A Supreme Court of First Resort?
Many petitions defy precedent, ask Wisconsin Supreme Court to bypass lower courts.
That old adage that calls a Supreme Court the “court of last resort” isn’t true anymore, at least not in Wisconsin. The state Supreme Court must now decide how much it wants to become the “court of first resort.”
The high court has received a record number of “original action” filings recently — pleas to take important cases and decide them directly, bypassing lower circuit courts or the four state courts of appeals. Those lower courts were created to fact-find and resolve cases, setting precedents that the Supreme Court may or may not review.
-If you’re the campaign of President Donald Trump, and you want 220,000 votes cast on Nov 3 tossed because they were absentee ballots or cast by voters who declared themselves as “indefinitely confined,” you file an original action (OA) petition.
-If you think the Wisconsin win by Democrat Joe Biden should be overturned, and the Republican-controlled Legislature allowed to name the state’s 10 Electoral College voters, you turn to the Supreme Court with an OA appeal.
-If you’re Republican legislators, a wealthy Republican donor, or business group opposing repeated “emergency” declarations by Democratic Gov. Tony Evers asking residents to stay at home, wear face masks in enclosed areas and limit room and business occupancies to 25% of capacity to fight the pandemic, you file OA requests with the Supreme Court..
-If you want an order telling the City of Racine it can’t — for now — close public and private schools because of the Covid-19 pandemic, file an OA and have a divided court issue that order..
-If you own Gymfinity, a gymnastics training center in Dane County, and want to overturn Dane County’s public safety orders that limit your business practices, ask the court to intervene by filing an OA.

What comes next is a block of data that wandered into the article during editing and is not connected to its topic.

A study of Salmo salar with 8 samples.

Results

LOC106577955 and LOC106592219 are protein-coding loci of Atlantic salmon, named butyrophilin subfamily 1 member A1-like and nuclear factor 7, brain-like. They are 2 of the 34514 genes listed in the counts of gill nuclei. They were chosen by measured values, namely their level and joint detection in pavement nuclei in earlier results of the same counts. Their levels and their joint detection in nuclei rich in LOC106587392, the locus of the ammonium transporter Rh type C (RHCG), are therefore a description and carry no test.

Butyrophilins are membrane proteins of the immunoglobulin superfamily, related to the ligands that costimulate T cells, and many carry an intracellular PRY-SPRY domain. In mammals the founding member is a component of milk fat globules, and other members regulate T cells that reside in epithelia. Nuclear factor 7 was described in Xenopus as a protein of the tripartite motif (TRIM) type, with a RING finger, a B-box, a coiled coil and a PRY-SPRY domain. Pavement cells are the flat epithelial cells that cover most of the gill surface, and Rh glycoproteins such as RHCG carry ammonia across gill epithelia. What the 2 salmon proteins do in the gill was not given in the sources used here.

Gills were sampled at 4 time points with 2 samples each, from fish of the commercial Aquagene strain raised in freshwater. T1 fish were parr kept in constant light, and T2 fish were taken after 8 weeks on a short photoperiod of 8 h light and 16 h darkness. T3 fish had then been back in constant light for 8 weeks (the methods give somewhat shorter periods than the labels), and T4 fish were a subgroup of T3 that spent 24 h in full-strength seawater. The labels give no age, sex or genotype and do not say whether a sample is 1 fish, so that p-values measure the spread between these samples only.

-If you’re the clerks of Outagamie and Calumet counties, and you want legal advice on how to handle 13,000 absentee ballots that were misprinted in ways that prevent voting machines from reading them, file an OA appeal.
-And if you’re Atty. Gen. Josh Kaul and Evers, and you think Republican legislators illegally infringed on the state Justice Department’s ability to negotiate legal settlements with a lame-duck session law passed in December 2018, file an OA appeal.
When the Court ruled 4-3 (with four conservatives in favor, three liberals dissenting) that Racine public safety guidelines couldn’t close public and private schools, Justice Rebecca Dallet said the OA practice was being abused and the court was being manipulated.
In her dissent, Dallet cited language from a 1978 ruling by the court. “This court is not ‘a performing bear, required to dance to each and every tune’ litigants play for it,” Dallet wrote.
Referring to the growing practice of groups filing OAs, Dallet wrote: “This court has turned into a one-stop shop for undoing local policymaking by discounting long standing limitations on our original jurisdiction and injunctive-relief authority….This court historically has respected two principles counseling against its exercise: Do not intervene in wholly local disputes and do not resolve questions of disputed fact.”
When he cast the key vote rejecting the OA plea from President Trump’s campaign to disqualify 220,000 votes, Justice Brian Hagedorn agreed with Dallet. The countering arguments made by Trump’s campaign and state government lawyers as to whether Democrat Joe Biden’s 20,600-vote win in Wisconsin must stand, “reveal important factual disputes that are best managed by a circuit court,” Hagedorn wrote. “The parties clearly disagree on some basic factual issues… I do not know how we could address all the legal issues raised in the [Trump] petition without sorting through these matters, a task we are neither well-positioned nor institutionally designed to do. The statutory process assigns this responsibility to the circuit court.”
On Friday, Hagedorn again cast the deciding vote dismissing the second suit to invalidate Biden’s win and allow Republican legislators to name Electoral College members. The legal appeal “falls far short of the kind of compelling evidence and legal support we would undoubtedly need to countenance the court-ordered disenfranchisement of every Wisconsin voter,” Hagedorn wrote.
And he added a concern about bypassing the lower courts: “The petition does not even justify the exercise of our original jurisdiction. As an initial matter, the Wisconsin Supreme Court is not a fact-finding tribunal. Yet the petition depends upon disputed factual claims.”
Many other OA requests are pending before the high court, however.
Maybe that acronym — OA — doesn’t apply anymore. A better acronym may be “HM” — as in the filing of “Hail, Mary” appeals.